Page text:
History of Rock: Early Influences, The Legacy


So now, here it is: a brief history (because there’s just so much to be told) of rock’s early influences. From the working songs of the slaves, to the riffs of the blues guitar, from gospel and soul to the steady beat of jazz, rock’s beginnings are as rich and exotic as the land from which these performers came.

Many, many years ago, American plantation owners went over to Africa in search of workers to slave under them. The conditions these people were forced to live under were appalling, being the denied basic human rights and privileges addressed in the Declaration of Independance because they weren’t considered people. To endure this life, the workers sang songs while they worked the fields, seemingly, to the plantation owners, to pass the time, but really to show soliditarity and support. This was the working song, and it was the spark that lit the fire under blacks desire for respect. According to an African legend, song gave wings to the African people, to lift them over troubles and desperation, to bring them together as a people, and to remember their origins.

Even after the Emancipation Proclamation, blacks were still treated condescedingly and weren’t permitted to participate in many public activites. In effect, they were separated from the power-holding whites, in a policy known as segregation. Blacks had separate restauraunts, churches, washrooms, everything. They were assaulted, denounced and basically treated like dirt. Again, they turned to song to withstand this treatment. However, the working song of the plantation was no longer possible, since the blacks had long since broken the shackles of slavery. Instead, they sang in church. Yet another show of solidarity was the song of gospel, which praised their beliefs and brought them together. Traditional psalms and other church songs were set to an african beat, making church a fun experience for young and old. Gospel grew and grew in popularity, and soon branched out.

After a while, blacks wanted to share these songs outside of church. In clubs all over the south, particularily New Orleans, blues were being played. Blues, after all, were just another way to express the troubles of ones life while still keeping that heart-and-soul feeling of music. From the old acoustic blues was born jazz. Jazz was a milder version of blues, without its rawness, but still retaining its energy. Based on improvisation, jazz was a natural outlet for the artist’s emotions. Jazz and blues were rivals at first but soon collaberated to make some major changes in both forms of music. Jazz took on a more hard-nosed style, with saxophones really taking over the scene. Although other instruments were popular in jazz, such as the trumpet, the sax became best known for its influence on jazz. Blues, strangely enough, got rawer instead of picking jazz’s mellowness.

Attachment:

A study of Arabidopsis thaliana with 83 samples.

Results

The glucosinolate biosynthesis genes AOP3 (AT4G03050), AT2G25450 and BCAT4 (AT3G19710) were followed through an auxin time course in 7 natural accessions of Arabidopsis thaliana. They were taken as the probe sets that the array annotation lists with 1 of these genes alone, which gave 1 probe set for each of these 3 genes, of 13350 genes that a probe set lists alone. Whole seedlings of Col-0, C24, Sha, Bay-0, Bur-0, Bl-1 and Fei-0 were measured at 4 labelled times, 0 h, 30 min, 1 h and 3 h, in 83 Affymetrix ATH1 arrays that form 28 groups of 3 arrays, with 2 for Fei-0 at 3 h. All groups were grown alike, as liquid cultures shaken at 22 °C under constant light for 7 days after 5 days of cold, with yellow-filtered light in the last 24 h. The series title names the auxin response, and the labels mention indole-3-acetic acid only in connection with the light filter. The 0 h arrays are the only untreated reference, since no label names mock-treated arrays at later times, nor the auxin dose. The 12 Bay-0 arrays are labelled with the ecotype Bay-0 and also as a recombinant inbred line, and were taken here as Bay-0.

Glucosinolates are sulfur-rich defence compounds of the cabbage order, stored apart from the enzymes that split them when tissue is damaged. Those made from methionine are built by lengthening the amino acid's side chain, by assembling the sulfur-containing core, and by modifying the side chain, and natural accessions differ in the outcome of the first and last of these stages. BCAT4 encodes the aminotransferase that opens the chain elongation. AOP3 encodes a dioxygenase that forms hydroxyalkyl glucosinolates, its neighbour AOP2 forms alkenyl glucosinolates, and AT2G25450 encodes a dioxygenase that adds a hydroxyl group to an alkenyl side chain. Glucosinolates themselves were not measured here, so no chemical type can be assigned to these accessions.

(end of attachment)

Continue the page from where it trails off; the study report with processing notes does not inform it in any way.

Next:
The new, modern blues style was still the same pace, but became electric. Literally. With the rise of blues came the rise of the electric guitar, namely the Gibson Les Paul. The electric guitar was unrivalled in its ability to soar to new heights. With the advent of rock, the electric guitar became the symbol of all that was wrong and rebellious in rock. It passed through the hands of geniuses who took it made madeit their own “electric voice.” Blues and jazz spread like wildfire, jazz popping up all over the east coast, mainly New York, and blues travelling along the Mississippi to the Mid-West, mainly Chicago.

As Muddy Waters, a legendary bluesman, once put it: “The blues had a baby and they named it rock and roll.” From the homeland of the Delta up to Chicago, the early forgings of rock could easily be heard. The feel-good songs of the early fifties soon succombed to the largest demographic ever seen, the baby boomers. They preferred the fresh new sounds coming out of black artists, and thanks to the many people who either helped get black songs on the air (Alan Freed), or opened their recording studios for black artists (Leonard Chess), black music could now be heard and enjoyed by all. Soon, it became not-so-black music as white artists who loved that Delta sound started changing their tunes, in more ways than one. Rock was now, it was hip, and was the voice of a new generation. As Danny and the Juniors put it, “Rock and Roll will never die/ It’ll go down in history.”